Bye-Bye Antibiotics?

I get about four sinus infections a year, and I depend on antibiotics to get better. But my infections have started to show some resistance to amoxicillin and the z-pack, which don’t work as well anymore. That’s why I was concerned by a recent news story.

The U.S. Centers for Disease Control reported that science’s strongest known antibiotic – colistin – has been ineffective against bacteria containing a gene named mcr-1. Even more terrifying: this gene resides on a plasmid, a small loop of DNA that can break off and move from one bacterium to another. In other words, this gene can spread to other bacteria – or even other disease-causing organisms!

Since the discovery of the gene was first reported in China in November 2015, mcr-1 has spread to human, animal, food and environmental bacteria on every continent. Such antimicrobial resistance (resistance to antibiotics) has far-reaching consequences in medicine. Surgeries, transplants and chemotherapy all provide easy opportunities for bacteria to invade already vulnerable patients who are no longer assured of protection.

An entirely new class of antibiotics needs to be created to combat antimicrobial resistance. Thankfully, scientists have developed a lab technique to grow the microorganisms needed to discover these new antibiotics. The iChip (isolation chip) uses fine membranes to isolate individual microbes while still allowing them to receive chemical nutrients.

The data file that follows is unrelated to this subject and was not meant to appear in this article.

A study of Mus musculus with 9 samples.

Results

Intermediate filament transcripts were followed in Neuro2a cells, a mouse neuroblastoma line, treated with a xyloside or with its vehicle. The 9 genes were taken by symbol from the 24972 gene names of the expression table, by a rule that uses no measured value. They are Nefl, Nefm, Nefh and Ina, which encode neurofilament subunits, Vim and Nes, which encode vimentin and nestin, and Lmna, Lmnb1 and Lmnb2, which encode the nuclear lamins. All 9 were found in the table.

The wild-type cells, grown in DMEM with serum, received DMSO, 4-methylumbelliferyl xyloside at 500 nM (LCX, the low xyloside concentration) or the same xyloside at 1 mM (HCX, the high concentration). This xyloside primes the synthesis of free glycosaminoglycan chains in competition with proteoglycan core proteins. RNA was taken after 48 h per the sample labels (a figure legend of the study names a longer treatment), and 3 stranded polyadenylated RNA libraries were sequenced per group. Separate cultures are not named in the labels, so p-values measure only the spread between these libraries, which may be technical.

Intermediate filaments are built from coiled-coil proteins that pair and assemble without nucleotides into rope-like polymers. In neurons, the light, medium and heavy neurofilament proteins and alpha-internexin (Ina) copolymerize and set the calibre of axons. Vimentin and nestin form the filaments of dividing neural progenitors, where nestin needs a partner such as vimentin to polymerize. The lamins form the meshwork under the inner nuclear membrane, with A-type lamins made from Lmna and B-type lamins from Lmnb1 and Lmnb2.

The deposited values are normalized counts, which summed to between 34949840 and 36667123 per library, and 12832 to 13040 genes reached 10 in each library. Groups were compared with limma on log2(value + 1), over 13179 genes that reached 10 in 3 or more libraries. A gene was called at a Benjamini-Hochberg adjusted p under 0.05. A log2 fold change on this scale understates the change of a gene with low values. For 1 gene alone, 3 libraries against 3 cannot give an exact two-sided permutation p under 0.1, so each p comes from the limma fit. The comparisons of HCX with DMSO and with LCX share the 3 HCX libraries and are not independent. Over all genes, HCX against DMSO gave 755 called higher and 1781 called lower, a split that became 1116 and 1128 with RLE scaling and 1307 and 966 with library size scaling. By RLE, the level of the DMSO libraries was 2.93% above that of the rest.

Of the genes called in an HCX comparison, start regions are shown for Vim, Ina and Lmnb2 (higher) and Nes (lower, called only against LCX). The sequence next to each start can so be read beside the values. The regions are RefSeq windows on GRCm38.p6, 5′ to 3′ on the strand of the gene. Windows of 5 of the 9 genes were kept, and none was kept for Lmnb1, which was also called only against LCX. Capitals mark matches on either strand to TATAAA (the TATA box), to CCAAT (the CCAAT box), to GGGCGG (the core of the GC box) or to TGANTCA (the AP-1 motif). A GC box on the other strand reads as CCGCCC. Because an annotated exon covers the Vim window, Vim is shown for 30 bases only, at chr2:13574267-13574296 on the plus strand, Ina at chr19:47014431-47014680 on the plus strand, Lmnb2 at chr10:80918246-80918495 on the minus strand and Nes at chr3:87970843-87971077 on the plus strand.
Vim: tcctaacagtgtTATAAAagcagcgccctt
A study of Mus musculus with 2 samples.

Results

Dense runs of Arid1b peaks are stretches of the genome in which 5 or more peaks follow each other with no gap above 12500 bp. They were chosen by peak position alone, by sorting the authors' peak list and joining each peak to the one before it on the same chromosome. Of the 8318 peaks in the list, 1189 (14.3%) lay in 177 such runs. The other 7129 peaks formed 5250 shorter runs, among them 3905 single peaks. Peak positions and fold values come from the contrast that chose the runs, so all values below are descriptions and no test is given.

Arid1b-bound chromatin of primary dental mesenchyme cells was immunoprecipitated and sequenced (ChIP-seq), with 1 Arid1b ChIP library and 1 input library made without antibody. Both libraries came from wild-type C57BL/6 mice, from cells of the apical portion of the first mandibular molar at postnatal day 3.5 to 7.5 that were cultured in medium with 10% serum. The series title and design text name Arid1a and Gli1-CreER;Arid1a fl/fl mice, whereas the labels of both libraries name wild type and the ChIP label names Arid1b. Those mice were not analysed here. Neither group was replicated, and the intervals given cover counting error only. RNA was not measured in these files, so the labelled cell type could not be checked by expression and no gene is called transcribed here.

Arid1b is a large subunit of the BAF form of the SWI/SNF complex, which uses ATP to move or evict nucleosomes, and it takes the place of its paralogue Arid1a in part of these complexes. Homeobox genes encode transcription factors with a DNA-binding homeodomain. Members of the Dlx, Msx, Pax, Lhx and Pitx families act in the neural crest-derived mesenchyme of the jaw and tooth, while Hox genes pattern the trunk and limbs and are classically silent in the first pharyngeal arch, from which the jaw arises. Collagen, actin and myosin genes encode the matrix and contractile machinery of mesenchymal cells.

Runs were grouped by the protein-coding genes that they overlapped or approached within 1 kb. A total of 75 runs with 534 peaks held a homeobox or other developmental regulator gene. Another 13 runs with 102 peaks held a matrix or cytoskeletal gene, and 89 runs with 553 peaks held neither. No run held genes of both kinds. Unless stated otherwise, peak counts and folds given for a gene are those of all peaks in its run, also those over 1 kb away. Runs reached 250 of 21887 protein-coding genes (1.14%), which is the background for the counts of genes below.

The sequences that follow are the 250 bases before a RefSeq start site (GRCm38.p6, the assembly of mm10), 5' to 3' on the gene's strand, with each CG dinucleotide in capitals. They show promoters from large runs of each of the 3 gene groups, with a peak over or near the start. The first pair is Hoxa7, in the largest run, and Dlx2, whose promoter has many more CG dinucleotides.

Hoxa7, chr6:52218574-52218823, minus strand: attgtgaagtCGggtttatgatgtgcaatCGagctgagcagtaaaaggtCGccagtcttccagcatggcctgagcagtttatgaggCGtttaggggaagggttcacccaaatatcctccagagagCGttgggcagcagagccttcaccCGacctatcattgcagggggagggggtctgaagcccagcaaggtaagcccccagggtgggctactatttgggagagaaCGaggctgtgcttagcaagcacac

Agilent is a critical player in this research. Agilent liquid chromatography, mass spectrometry and MassHunter software have been used to test teixobactin, the most promising compound discovered so far. These Agilent solutions have enabled researchers to understand how teixobactin attacks the cell walls of bacteria, blocking their ability to reproduce or mutate. Beyond the test environment, teixobactin has already proven effective against “superbugs” such as MRSA (methicillin-resistant staphylococcus aureus) and tuberculosis.

It will be several years before teixobactin is available for human use. But the fact that a new class of antibiotics has already emerged from iChip use – and Agilent testing – creates hope in the battle against antimicrobial resistance. My sinuses will be very grateful!

Today’s post was written by Agilent Communications’ summer intern!